Thursday, October 7, 2010

My Dad

My Dad was a bajillion feet tall when I was little and it was a shock to realise he was shrinking from his lofty 6 feet by the time I was hitting 20.
He went walkabout when he was demobbed from the RAAF after WW2.
He just couldn't stay in suburbia or inner city South Melbourne (Montague to be precise, a suburb that's disappeared into surrounding Sth Melbourne).
He upped and left, did, in no particular order, waiting in the dining room of Parliament House where he met mad-as-a-cut-snake former PM Sir Billy Hughes (he was playing billiards by himself with silly giggles and a running commentary), decided Dame Enid Lyons' family were rude, ignorant bumpkins (for ignoring the cut-crystal ashtrays and using the dinner plates and tea cups to ash and put out their cigarettes) packed apples in Batlow (bloody lovely fruit, according to Dad), picked fruit in Mildura (he loved the climate), planted trees in the Snowy Mountains (he lived in a wooden hut through a snowy winter with a big old wood fired range they had to light to have any heat/cooking facilities and town was a 2 day walk each way and relied on rabbits for meat), painted and replaced roofs in Adelaide (the water made awful cups of tea but he liked the girls), walked into Holyman House in Melbourne (which was travel agents for TAA at the time) to book a flight to Tassie only to be ignored for 20 he walked out and didn't get to Tassie until 60 years later.
A few years of that saw him back home, finishing his apprenticeship, getting up to mischief with his mates and bobbing up in parties where he'd toss firecrackers down chimneys for a lark, playing football, baseball and cricket for his beloved Sth Melbourne (aka Swannies aka Blood Stained Angels) and barracking for Port Melbourne (The Borough) in the VFA on Sundays.
He fought and killed Japanese in the islands of New Guinea yet he defended them to his mother-in-law when she did her drama queen act; she made the grand gesture of smashing a lovely plate Dad had won at the RSL raffle because it had "Made in Japan" on the back and her son had died on the Kokoda Track.
"Those bastards killed my son." she justified.
"And how many of their sons did we kill?" my Dad replied.
He only in recent years admitted they were not allowed to take prisoners and that they had to shoot the enemy, then watch as bulldozers buried them in mass graves.
He had to get drunk to open that dark box.
He was underwhelmed by the comment of painter Clifton Pugh's biographer last year that what they did was murder - pity the silly woman never stopped to consider that other WW2 boys were alive and listening.
He taught me to not give a fat rat's clacker about the colour of the person's skin or their accent or what religion they worshipped but to judge the person by their actions.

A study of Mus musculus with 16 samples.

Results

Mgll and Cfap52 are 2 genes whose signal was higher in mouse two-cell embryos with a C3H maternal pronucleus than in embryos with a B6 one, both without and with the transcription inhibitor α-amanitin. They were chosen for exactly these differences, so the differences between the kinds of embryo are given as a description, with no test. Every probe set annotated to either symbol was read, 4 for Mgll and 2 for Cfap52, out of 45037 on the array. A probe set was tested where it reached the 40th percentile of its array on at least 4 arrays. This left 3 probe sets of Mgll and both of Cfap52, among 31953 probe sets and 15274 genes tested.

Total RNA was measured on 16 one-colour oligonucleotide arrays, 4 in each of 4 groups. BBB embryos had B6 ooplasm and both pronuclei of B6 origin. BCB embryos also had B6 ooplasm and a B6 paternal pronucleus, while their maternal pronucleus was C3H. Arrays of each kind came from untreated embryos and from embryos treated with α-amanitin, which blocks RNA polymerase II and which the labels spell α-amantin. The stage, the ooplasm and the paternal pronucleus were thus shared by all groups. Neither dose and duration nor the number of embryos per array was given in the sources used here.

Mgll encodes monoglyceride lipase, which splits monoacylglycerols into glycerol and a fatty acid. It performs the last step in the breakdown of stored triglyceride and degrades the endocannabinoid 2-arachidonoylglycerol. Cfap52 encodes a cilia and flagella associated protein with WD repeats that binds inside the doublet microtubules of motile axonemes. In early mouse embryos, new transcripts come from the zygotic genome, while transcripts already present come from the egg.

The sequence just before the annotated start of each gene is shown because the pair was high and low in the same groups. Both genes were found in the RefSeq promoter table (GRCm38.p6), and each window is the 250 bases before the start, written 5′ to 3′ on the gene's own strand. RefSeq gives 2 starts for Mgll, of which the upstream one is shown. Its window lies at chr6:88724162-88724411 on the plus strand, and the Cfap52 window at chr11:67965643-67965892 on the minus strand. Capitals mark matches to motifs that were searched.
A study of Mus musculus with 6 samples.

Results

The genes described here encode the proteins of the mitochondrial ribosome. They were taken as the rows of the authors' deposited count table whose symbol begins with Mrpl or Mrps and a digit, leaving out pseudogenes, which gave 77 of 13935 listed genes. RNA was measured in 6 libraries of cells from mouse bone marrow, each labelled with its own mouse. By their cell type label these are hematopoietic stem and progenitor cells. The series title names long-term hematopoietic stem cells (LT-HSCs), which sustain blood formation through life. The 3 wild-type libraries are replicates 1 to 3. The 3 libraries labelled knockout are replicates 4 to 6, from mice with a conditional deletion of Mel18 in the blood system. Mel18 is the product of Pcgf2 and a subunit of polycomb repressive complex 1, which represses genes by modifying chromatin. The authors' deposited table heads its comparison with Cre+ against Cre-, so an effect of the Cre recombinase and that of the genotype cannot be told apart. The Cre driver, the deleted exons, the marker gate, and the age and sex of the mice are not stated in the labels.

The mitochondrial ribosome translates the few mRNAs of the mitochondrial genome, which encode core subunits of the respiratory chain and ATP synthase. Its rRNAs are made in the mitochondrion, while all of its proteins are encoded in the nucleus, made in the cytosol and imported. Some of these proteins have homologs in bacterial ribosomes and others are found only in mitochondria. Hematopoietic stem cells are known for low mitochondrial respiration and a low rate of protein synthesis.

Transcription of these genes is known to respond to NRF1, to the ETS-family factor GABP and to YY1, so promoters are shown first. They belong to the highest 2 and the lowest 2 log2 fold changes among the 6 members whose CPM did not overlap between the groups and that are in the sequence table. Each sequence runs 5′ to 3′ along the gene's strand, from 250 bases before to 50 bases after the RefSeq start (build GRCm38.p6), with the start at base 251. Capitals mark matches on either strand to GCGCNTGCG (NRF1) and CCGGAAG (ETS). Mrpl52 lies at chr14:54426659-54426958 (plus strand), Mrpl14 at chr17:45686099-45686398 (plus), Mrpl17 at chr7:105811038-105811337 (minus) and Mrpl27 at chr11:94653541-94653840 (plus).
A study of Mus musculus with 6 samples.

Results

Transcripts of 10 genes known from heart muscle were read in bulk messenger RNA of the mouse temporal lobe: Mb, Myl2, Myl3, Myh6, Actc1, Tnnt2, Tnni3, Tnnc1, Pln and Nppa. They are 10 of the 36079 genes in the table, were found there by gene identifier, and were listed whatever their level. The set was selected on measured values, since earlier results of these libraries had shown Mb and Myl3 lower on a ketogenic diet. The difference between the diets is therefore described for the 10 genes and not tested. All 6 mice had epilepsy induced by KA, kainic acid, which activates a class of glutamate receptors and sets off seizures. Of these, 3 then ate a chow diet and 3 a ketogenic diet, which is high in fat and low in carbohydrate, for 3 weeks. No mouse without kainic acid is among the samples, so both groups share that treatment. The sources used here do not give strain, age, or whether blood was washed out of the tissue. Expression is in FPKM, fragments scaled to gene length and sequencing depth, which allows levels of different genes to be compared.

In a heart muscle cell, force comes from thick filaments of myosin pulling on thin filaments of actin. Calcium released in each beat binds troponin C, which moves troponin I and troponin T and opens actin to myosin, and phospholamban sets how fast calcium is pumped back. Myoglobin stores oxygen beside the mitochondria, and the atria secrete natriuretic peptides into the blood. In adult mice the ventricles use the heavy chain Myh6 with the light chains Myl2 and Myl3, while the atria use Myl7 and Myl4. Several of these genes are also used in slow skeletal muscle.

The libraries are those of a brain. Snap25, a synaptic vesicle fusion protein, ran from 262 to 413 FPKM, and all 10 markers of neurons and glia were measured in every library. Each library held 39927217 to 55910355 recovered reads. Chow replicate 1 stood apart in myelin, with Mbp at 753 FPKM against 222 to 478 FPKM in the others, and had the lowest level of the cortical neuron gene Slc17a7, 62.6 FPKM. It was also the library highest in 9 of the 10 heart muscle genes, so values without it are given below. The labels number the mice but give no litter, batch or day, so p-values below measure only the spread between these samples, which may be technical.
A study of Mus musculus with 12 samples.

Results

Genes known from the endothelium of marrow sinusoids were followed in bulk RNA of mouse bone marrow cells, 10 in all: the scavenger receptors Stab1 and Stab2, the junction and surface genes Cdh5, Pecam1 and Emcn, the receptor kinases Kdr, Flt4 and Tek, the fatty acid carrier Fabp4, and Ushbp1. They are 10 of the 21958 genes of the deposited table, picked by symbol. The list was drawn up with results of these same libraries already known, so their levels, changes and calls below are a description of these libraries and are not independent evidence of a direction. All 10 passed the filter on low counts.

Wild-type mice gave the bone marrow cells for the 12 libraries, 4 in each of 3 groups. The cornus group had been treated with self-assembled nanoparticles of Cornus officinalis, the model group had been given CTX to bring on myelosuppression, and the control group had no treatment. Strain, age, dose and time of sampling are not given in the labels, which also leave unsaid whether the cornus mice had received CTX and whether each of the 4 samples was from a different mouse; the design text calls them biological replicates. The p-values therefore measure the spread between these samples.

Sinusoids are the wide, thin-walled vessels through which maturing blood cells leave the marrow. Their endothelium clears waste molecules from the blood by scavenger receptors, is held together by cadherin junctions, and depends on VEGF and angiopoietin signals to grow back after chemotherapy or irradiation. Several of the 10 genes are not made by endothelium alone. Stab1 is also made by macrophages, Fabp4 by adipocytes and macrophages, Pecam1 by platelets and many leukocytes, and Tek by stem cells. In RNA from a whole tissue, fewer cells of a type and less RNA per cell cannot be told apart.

"Actions speak louder than words."


  1. War does terrible things. My first hubby had nightmares for years after coming home from Vietnam. He couldn't be anywhere near fireworks and we all had to be very careful to make noise when walking up behind him. If we came up silently and tapped him on the shoulder, he'd turn around already punching. We couldn't shake him awake either, he'd come up punching....He drank a lot trying to forget.

  2. He must be very proud of you. So sorry to hear of your troubles - but your post is a great way to commemorate your dad.

    Take care

  3. Jayne, Jayne, Jayne, Jayne, Jayne - lots of hugs, love. Just caught up on your (and your Dad's) doings (and the medical not so doings) and wish that the grand man you paint above is strong enough to rise above these trials.

  4. Very moving. Could be entitled A Fortunate Life, which is not quite as it reads. The hatred of Japanese seems to have disappeared now, thanks in part to blokes like your father who could see the bigger picture.

  5. Oh - we cannot even begin to imagine what our soldiers go through, can we?? People like your dad are my heroes - they may not always do the nice jobs, or the popular jobs, but they follow orders to keep their country safe. We have a lot to be grateful for...

    Hope your Dad feels chirpier soon.

  6. I bet your Dad knows my Grandad, because they grew up together in the very same area... barracked for the same teams... Swans and POrt Melbourne... my grandad is 85 and he is still about. He loved growing up there :)
    MY other Grandad was in New GUinea, he had the upmost respect for the people who lived there. He too had demons that were buried deeply. War sucks and it irks me that our young men and women are going through heartache overseas in a different war.
    I loved reading about your Dad... and he is an amazing man for all the things he has done... hard work, that is what our Grandparents were bloody good at!

  7. *hugs*

    Beautiful to read, Ro. Your love and admiration for your Dad shine through.

    And what an awesome teacher he was. :-)

  8. Jayne -- lovely story of your Dad. I can feel your love for him in your writings. -- barbara

  9. Sounds like a very full and interesting life your dad has had... no wonder he's such a character now!